2020 Scarecrow Psychotronic Challenge Day 20: Don’t Look Now (1973)

DAY. 20: HINDSIGHT IS 20/20: This one’s gotta have flashbacks in it (since looking ahead doesn’t seem to be working amirite?).

Don’t Look Now is the kind of movie that people should talk about in the same hushed tone that they reserve for The Exorcist and The Bird With the Crystal Plumage and they don’t. That makes no sense to me, so perhaps these words will do something to change that.

Compared to Performance, director Nicolas Roeg’s directorial debut (he co-directed with Donald Cammell), this is a simple film. Compare it to anything else and it’s as complex as it gets. Roeg had already contributed to the horror genre with his director of photography work on The Masque of the Red Death, but this rumination on loss stands apart, using the genre itself to try and make sense out of the senseless.

In the same way that the giallo plays with themes of misinterpretation and mistaken identity often when it comes to sexual identity, this movie does the same when it comes to trying to get through the grief of losing a child and perhaps a marriage.

It’s also a deconstruction of how we perceive time through the lens of film. Instead of just flashbacks, this movie is filled with a fluid sense of time, in that we experience the past, present and the future almost simultaneously, as if we were Jon Osterman becoming the ubermensch Dr. Manhattan.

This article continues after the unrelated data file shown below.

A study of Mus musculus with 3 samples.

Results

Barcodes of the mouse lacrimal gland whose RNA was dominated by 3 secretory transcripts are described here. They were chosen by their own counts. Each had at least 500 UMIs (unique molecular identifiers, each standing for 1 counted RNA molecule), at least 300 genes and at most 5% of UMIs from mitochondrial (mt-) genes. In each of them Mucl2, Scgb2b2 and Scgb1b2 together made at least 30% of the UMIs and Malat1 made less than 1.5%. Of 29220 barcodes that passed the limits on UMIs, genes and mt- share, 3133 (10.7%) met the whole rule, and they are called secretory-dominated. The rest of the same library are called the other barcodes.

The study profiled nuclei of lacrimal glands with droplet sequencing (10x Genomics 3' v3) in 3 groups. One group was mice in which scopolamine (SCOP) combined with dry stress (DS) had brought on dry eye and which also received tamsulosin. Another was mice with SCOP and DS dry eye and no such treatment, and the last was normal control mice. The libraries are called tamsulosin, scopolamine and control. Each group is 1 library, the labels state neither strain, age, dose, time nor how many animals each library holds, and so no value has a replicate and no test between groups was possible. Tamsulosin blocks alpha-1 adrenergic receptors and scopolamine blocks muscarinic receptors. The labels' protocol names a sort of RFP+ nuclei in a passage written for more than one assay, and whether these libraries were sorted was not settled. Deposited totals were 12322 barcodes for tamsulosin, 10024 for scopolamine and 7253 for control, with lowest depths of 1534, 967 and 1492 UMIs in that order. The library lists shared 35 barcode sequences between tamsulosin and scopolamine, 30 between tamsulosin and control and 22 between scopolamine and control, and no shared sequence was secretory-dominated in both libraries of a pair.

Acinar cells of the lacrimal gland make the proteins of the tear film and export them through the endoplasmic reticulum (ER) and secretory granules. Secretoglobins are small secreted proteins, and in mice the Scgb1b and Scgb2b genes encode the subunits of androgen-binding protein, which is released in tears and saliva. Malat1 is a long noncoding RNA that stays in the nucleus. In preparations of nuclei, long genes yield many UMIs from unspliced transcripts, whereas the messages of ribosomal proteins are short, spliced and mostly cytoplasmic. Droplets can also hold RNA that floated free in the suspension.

Real-life couple Natalie Wood and Robert Wagner (ironic, as this movie concerns a drowning death) were suggested for the leads of Laura and John Baxter, but Roeg only saw Julie Christie and Donald Sutherland in his film. Sutherland was worried that the film gave a bad name to ESP, but Roeg told him this was the story they were telling.

John and Laura have come to Venice after the death of their daughter Christine in a drowning accident. While working to restore an ancient church, he meets two sisters. One of them, Heather (Hilary Mason, I Don’t Want to Be Born), is a psychic and she reveals that a great danger is coming for John. This danger — in all ways that we see time in the film — hangs as heavy as the death of his daughter, who the psychic reveals that she can see around the couple.

That night, before dinner, John and Laura finally make love after a long period of coolness, as she is relieved that her daughter seems to be at peace. This moment — the love scene is intercut with them getting ready for dinner afterward — plays with our notions of time, making this entire scene feel like a dream. It could also very well be an actual sex scene, as it was rumored for years that the acting couple was really having sex, to the consternation of Christie’s boyfriend Warren Beatty, who was usually the one doing the cucking.

At dinner, the couple is briefly separated and John sees what he believes to be his daughter. This image of her in the red coat she died in dominates the movie, luring him into more foreign places and deeper dangers. As their son is injured at boarding school, Laura must return home. Despite this, John sees her as part of a canal funeral procession. And oh yes — there’s also a serial killer on the loose.

I know that I often discuss the spoilers of films that are half a century old here, but in the hopes that you haven’t seen this film, I want you to enjoy the mystery that it presents for yourself. Roeg emerges as a consummate filmmaker here and this English giallo shot in Venice deserves so many more words than it has received.

If you don’t already own this — and you should — it’s on Amazon Prime.